Shi'a Islamist militant group and political party based in Lebanon
(Redirected from Hizbullah)

Hezbollah (literally "Party of Allah" or "Party of God")—also transliterated Hizbullah, Hizballah, etc.—is a Shi'a Islamist militant group and political party based in Lebanon. Hezbollah's paramilitary wing is the Jihad Council, and its political wing is Loyalty to the Resistance Bloc party in the Lebanese parliament. After the death of Abbas al-Musawi in 1992, the group has been headed by Hassan Nasrallah, its Secretary-General.


  • Only one party—and that is party of Allah, party of The underprivileged.

Al QaedaEdit


  • "If you want to call Hezbollah a terrorist organization, then you must call Israel a terrorist organization."
    • (David Duke’s radio show broadcast, 10 August 2006: The Israeli Invasion and Bombing of Lebanon)
    • [[1]]


  • "On the matter of political relations with Iran, the sheikh was absolutely clear. Hizbollah regards the Iranian supreme leader, in this case Ayatollah Ali Khamenei, as its ultimate authority; all major political decisions regarding Hizbollah are referred to – when not actually taken in – Iran. He gave the example of the decision taken in 1992 to enter Lebanese national politics: Hizbollah set up a commission, which prepared a report, with various options; this report was sent to Iran; it was Ayatollah Khamenei himself who took the final decision, in favour of participation."

Resistance & terrorismEdit

  • Some area Arabs and Muslims consider Hezbollah and Hamas resistance fighters, not terrorists, though groups such as the Council on American Islamic Relations recognize the terrorist designations and urge Muslims not to support the groups.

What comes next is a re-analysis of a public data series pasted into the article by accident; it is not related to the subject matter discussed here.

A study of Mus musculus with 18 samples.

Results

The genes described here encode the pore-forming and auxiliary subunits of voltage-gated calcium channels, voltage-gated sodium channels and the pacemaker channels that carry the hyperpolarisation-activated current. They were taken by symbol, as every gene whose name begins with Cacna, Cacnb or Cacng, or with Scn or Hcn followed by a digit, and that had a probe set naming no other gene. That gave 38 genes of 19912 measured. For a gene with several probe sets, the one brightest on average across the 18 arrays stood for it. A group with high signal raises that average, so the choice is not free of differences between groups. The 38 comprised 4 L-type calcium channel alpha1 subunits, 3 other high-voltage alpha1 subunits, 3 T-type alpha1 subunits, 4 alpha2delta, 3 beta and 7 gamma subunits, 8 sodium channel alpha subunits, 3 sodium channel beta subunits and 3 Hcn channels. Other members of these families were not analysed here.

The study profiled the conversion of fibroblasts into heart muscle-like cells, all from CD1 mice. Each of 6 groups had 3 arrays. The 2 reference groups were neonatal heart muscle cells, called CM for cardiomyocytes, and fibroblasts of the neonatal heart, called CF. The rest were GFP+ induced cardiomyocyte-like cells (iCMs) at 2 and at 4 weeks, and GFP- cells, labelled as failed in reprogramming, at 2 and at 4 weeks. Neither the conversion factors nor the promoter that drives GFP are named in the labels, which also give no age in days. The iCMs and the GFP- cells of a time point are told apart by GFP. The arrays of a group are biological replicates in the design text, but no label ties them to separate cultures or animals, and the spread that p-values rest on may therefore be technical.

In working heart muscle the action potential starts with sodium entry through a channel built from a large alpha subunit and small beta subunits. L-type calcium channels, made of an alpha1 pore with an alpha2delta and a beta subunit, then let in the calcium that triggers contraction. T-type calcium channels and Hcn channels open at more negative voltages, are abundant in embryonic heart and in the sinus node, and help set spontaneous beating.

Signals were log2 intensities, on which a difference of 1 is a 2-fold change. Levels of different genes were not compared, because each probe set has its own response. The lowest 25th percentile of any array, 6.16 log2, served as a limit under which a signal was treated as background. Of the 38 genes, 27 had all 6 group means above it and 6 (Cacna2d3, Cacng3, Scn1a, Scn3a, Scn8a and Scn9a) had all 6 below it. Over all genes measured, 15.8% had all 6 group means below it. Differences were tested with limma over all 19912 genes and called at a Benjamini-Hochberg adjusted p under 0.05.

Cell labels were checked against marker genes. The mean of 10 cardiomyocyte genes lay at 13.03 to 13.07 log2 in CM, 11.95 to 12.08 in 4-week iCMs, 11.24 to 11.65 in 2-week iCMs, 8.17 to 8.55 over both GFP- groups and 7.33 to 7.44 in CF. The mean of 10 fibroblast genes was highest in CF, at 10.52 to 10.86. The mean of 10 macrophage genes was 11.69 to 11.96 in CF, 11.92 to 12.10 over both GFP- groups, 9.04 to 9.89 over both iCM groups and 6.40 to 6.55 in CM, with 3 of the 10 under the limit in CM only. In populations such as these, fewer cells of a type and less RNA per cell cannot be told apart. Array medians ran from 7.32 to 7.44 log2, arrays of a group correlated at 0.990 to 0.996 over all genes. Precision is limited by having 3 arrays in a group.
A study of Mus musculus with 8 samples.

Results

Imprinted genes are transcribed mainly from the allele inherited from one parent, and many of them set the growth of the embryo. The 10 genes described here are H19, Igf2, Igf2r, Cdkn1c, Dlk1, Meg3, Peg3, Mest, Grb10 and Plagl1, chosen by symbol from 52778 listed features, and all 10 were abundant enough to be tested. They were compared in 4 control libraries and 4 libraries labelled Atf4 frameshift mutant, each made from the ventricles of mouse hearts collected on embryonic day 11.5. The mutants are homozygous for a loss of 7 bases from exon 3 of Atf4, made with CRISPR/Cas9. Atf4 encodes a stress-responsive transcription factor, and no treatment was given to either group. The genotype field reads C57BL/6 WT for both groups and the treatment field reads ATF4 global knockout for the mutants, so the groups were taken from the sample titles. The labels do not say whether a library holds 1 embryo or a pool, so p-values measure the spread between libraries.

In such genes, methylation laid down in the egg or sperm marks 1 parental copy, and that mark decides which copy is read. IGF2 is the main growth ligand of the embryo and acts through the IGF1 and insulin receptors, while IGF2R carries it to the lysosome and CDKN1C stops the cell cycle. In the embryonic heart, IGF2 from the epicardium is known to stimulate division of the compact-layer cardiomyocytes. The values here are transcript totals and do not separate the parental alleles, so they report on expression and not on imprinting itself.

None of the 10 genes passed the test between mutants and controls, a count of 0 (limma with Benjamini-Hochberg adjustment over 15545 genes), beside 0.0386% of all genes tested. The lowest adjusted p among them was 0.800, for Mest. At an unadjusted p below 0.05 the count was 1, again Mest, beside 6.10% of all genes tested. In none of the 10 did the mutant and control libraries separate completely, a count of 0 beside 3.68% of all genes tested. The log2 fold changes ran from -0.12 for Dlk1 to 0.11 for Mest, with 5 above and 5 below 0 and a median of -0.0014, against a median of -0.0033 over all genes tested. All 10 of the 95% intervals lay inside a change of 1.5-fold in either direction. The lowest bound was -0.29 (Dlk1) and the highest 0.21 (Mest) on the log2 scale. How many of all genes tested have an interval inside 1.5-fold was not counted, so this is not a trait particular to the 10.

Other Islamic movementsEdit

  • Although Hezbollah and Hamas are not organizationally linked, Hezbollah provides military training as well as financial and moral support to the Palestinian group and has acted in some ways as a mentor or role model for Hamas, which has sought to emulate the Lebanese group’s political and media success. Hamas’s kidnapping of the Israeli soldier follows a different Hezbollah example. Moreover, two groups share the goal of driving Israel from occupied territories and ultimately eliminating it; both maintain close ties with Iran.
  • The new cooperation [between Hezbollah and al-Qaeda] … includes coordination on explosives and tactics training, money laundering, weapons smuggling and acquiring forged documents, according to knowledgeable sources. This new alliance, even if informal, has greatly concerned U.S. officials in Washington and intelligence operatives abroad who believe the assets and organization of Hezbollah's formidable militant wing will enable a hobbled al Qaeda network to increase its ability to launch attacks against American targets.